West Wight Potter sailors are usually out just having fun, but recently a couple of Potter Yachters became rescuers when they responded to a call for help. Eric Zilbert tells the story.
Last Sunday, most of the Potter Pod left Moss landing for their respective home ports. However, Ed Hultgren and I were good for one more sail. We headed out, motoring to the bell buoy (Mile Buoy) to avoid the chop and light wind in toward shore. We were able to sail through a moderately large and confused sea, planning to do two long tacks and then surf our way back into the harbor.
Just before we were about to reverse tacks, I heard someone calling the Moss Landing harbormaster looking for a tow. Shortly thereafter the Coast Guard was on the radio with the Naiomi, a small (23-ft) fishing boat. The skipper was very concerned he would be on the beach soon. The wind on Sunday was expected to be over 20 knots with gusts to 40.
I located what I thought was the boat, and told the Coast Guard I would be on the scene in about four minutes. I motorsailed to where the boat was (very close to the Mile Buoy) and determined that they were not in immediate danger. I determined that it would be very hazardous to attempt to tow them in, mostly due to the rough seas at the harbor entrance; more horsepower and a bigger engine were needed. However, the skipper wanted to put ashore one crewmember who could not swim. I took the man onto my boat and took him to the harbor.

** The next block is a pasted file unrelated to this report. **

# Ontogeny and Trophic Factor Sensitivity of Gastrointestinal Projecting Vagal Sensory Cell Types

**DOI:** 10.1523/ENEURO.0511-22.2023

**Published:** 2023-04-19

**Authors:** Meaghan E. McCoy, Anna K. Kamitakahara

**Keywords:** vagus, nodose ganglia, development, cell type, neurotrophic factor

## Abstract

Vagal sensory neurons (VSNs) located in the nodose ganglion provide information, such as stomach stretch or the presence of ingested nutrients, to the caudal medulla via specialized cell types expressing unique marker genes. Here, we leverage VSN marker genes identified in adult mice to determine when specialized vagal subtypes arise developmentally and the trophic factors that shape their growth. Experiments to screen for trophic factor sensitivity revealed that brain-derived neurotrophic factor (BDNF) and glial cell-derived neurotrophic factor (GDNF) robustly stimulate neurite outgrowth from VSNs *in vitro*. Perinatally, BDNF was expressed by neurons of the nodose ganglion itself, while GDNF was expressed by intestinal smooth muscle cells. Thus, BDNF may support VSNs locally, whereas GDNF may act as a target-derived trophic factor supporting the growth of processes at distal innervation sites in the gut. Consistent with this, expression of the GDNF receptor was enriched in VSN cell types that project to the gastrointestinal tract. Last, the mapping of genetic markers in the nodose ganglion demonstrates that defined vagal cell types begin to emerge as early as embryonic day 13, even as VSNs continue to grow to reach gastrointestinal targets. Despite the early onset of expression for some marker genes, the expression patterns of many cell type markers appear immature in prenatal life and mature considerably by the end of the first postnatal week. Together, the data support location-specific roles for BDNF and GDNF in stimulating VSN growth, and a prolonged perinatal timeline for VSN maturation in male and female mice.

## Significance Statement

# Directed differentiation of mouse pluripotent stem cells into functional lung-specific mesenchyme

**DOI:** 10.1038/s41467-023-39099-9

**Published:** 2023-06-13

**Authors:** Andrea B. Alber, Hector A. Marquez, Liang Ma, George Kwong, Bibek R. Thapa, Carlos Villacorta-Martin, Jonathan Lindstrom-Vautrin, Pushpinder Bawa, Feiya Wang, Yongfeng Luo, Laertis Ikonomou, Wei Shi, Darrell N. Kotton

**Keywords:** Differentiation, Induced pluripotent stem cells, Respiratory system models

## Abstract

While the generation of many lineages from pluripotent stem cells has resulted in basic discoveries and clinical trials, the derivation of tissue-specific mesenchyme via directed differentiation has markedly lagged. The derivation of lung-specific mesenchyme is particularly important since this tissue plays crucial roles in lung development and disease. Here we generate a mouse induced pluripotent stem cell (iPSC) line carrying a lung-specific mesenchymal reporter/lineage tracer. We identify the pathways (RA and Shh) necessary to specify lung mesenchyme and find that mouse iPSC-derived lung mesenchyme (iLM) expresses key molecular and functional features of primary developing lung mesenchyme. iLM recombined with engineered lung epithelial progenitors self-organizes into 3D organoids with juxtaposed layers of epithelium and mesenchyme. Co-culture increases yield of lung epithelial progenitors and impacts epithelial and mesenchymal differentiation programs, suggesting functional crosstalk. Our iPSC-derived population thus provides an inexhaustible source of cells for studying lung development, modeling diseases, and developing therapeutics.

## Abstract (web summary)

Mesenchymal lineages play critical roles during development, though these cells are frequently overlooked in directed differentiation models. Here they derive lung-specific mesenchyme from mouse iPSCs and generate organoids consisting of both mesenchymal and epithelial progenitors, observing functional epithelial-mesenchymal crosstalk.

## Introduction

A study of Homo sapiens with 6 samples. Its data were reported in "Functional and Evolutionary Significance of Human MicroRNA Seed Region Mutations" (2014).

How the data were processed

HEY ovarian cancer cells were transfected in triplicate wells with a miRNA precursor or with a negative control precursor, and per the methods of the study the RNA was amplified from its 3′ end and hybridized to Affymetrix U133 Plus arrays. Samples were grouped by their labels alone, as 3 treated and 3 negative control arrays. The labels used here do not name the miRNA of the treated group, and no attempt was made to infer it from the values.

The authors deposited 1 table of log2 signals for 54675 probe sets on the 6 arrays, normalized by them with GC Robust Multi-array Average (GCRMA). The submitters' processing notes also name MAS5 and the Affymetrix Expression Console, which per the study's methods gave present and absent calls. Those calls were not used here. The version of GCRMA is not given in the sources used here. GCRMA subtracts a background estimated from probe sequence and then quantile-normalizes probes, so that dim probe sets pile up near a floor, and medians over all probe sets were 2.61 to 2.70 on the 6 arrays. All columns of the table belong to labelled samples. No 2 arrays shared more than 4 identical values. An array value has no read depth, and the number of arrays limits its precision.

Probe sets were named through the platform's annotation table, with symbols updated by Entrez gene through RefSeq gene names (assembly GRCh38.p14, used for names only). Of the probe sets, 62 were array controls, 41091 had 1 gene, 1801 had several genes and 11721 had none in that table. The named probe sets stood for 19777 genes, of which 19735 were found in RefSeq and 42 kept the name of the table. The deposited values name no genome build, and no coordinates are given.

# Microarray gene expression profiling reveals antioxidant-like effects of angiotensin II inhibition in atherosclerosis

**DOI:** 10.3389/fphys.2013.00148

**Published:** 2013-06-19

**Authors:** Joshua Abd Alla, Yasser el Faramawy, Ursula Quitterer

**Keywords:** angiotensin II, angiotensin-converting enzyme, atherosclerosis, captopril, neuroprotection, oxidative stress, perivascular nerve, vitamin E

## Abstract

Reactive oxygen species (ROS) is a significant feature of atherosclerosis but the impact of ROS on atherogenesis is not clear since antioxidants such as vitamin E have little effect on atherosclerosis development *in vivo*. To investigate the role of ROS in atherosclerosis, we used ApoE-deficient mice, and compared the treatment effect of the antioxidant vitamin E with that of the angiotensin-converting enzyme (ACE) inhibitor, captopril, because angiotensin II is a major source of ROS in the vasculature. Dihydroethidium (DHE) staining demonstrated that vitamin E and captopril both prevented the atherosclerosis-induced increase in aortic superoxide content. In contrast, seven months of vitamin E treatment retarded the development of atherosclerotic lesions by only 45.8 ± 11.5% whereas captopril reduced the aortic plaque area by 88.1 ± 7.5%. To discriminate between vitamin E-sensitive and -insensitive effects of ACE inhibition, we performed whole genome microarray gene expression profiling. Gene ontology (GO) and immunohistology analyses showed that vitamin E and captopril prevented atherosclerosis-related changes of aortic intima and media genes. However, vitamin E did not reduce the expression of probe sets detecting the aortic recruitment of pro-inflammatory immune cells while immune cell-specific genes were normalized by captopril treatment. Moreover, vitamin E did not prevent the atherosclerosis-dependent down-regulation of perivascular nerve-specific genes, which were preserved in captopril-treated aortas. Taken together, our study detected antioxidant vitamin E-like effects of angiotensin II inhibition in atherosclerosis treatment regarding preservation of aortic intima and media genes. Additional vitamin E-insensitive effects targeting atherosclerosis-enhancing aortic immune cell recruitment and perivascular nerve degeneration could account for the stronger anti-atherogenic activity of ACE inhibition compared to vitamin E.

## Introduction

Meanwhile, Ed arrived on the scene and proceeded to take a line from the Naiomi and conducted a tow to keep them from drifting closer to the beach. Eventually a larger fishing boat came to assist the Naiomi and towed her in.
I was very surprised that for a long period of time, no one responded to the cry for assistance. Just our responding put the skipper and crew at greater ease. It was an exciting end to our day on the water.
Goose Gossman added to Eric’s story, which is also on the Potter Yachters’ website:
The forecast was 25-30 knots, so we left the dock early, keeping a sharp eye on the leading edge of the fog bank moving toward us with its strong winds. We stayed close to the harbor entrance so we could head in as conditions changed. We had six boats launch — [we were] staying at Elkhorn Yacht Club, which kindly let us squeeze into their guest dock.
The Potters usually monitor channel 69, so I missed the distress call. I had my wife and dog aboard, and had dropped my mast so we could enter Elkhorn Slough after motoring out to look for whales. My boat has a big motor, but towing a larger boat through the harbor entrance would not have been prudent given the two- to three-foot waves breaking across the harbor entrance at low tide.
Thankfully, everyone was safe. As the Potter mantra goes, “We cheated death again!”.